Well, that’s at least as true of zoo animals. There are genetic records -- stud books, they are sometimes called – and what are called Species Survival Plans. 

Jack Lessenberry

If the Detroit Zoo wanted to breed lions, for example, they might be directed by AZA, the Association of Zoos and Aquariums, to mate their lioness with a lion in San Francisco, say, to get the greatest possible genetic diversity in the offspring.

That’s one reason you don’t want your neighbor deciding he is going to buy some lions and tigers, start a roadside zoo, and begin breeding them. There’s also another, perhaps more compelling reason; it just isn’t safe. You can, to some extent, “tame” a lion cub, though that to an extent outrages the animal’s true nature. But you cannot domesticate them.

They are ticking time bombs, and often good at escaping. Once upon a time, we had responsible politicians who understood this. Eighteen years ago, the Michigan Legislature passed the Large Carnivore Act of 2000, which was designed to protect both the well-being of the animals and the public by restricting the keeping and breeding of them to facilities accredited by the Association of Zoos and Aquariums and the Association of Sanctuaries.

But the bill had one fatal flaw. A drafting error – call it an elaborate typo – that screwed everything up. Ron Kagan, the longtime CEO of the Detroit Zoo, told me it was supposed to exempt accredited zoos from laws forbidding “holding, breeding and transferring large carnivores,” but instead it accidentally referred to a different section.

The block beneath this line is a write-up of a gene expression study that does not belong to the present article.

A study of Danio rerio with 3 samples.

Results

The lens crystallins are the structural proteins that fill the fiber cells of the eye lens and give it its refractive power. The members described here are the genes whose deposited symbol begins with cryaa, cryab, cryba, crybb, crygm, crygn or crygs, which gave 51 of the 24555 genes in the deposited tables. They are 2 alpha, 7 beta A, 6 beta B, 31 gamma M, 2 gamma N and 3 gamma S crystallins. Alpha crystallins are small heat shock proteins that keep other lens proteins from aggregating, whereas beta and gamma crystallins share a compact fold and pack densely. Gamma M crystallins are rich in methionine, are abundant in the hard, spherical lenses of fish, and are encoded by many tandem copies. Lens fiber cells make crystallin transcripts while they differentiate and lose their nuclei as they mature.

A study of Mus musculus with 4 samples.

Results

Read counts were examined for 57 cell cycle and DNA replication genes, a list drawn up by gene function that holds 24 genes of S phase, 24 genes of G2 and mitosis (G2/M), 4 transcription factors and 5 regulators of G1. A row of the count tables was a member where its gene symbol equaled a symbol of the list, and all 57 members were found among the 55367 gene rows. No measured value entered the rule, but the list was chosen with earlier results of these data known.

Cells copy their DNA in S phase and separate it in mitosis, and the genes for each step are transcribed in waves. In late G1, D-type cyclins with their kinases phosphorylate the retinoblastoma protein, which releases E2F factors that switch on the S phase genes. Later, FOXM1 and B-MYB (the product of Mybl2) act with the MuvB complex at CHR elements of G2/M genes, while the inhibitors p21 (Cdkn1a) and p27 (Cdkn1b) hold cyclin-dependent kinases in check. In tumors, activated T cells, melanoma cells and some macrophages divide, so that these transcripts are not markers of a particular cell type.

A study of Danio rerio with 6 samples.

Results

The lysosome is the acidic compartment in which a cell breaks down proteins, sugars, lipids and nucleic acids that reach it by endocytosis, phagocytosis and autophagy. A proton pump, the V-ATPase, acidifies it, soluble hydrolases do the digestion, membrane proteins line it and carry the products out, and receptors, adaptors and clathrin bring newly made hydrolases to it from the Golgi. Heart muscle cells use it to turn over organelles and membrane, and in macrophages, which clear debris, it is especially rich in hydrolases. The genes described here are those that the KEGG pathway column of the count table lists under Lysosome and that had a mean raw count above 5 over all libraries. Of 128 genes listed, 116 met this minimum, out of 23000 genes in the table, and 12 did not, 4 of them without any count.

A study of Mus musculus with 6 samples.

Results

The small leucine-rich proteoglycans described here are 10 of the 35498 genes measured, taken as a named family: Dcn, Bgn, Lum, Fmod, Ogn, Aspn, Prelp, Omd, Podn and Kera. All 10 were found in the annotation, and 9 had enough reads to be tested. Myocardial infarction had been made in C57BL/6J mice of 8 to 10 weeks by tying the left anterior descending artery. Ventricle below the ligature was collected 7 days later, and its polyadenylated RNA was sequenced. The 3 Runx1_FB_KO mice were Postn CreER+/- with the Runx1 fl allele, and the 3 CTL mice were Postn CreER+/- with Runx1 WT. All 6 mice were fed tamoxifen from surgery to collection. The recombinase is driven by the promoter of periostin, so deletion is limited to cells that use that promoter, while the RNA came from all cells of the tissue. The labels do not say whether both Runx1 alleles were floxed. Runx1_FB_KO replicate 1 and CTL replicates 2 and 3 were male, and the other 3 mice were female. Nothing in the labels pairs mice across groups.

When that was noticed, you might have expected the lawmakers would come back the next week and fix it. But this is the Michigan Legislature. It’s been 18 years, and it still hasn’t been fixed. That, Kagan told me “technically prevents AZA-accredited zoos in Michigan from breeding large carnivores and contributing to the conservation of endangered species.”

Now, State Rep. Thomas Albert, a Republican from near Ionia, has offered a bill that would make things worse. House Bill 5778 would pretty much allow anyone to apply to the Department of Agriculture for a permit to breed large carnivores.

That’s what controversial roadside zoos like Oswald’s Bear Ranch have wanted. The law, Kagan told me, would technically not allow me to sell the tigers I was breeding to people who thought one would be cute to have around the house, but it wouldn’t set up any enforcement mechanism, perhaps because doing so would cost the taxpayers a lot.

Kagan, who went to Lansing to talk to the legislature about this, said he asked one lawmaker, “Do you want your neighbor to have a lion and a tiger?”

Taken aback, the legislator said "No!"

But that’s what would happen. Here’s a crazy idea. I suggest a sensible lawmaker immediately draft a bill just fixing the mistake in the old one, and gets his colleagues to pass it.

Let’s fix the problem first. Later, the lawmakers can debate whether they really want to let me start a kennel to breed crack house lions.  

Jack Lessenberry is Michigan Radio’s Senior Political Analyst. Views expressed in his essays are his own and do not necessarily reflect those of Michigan Radio, its management or the station licensee, The University of Michigan.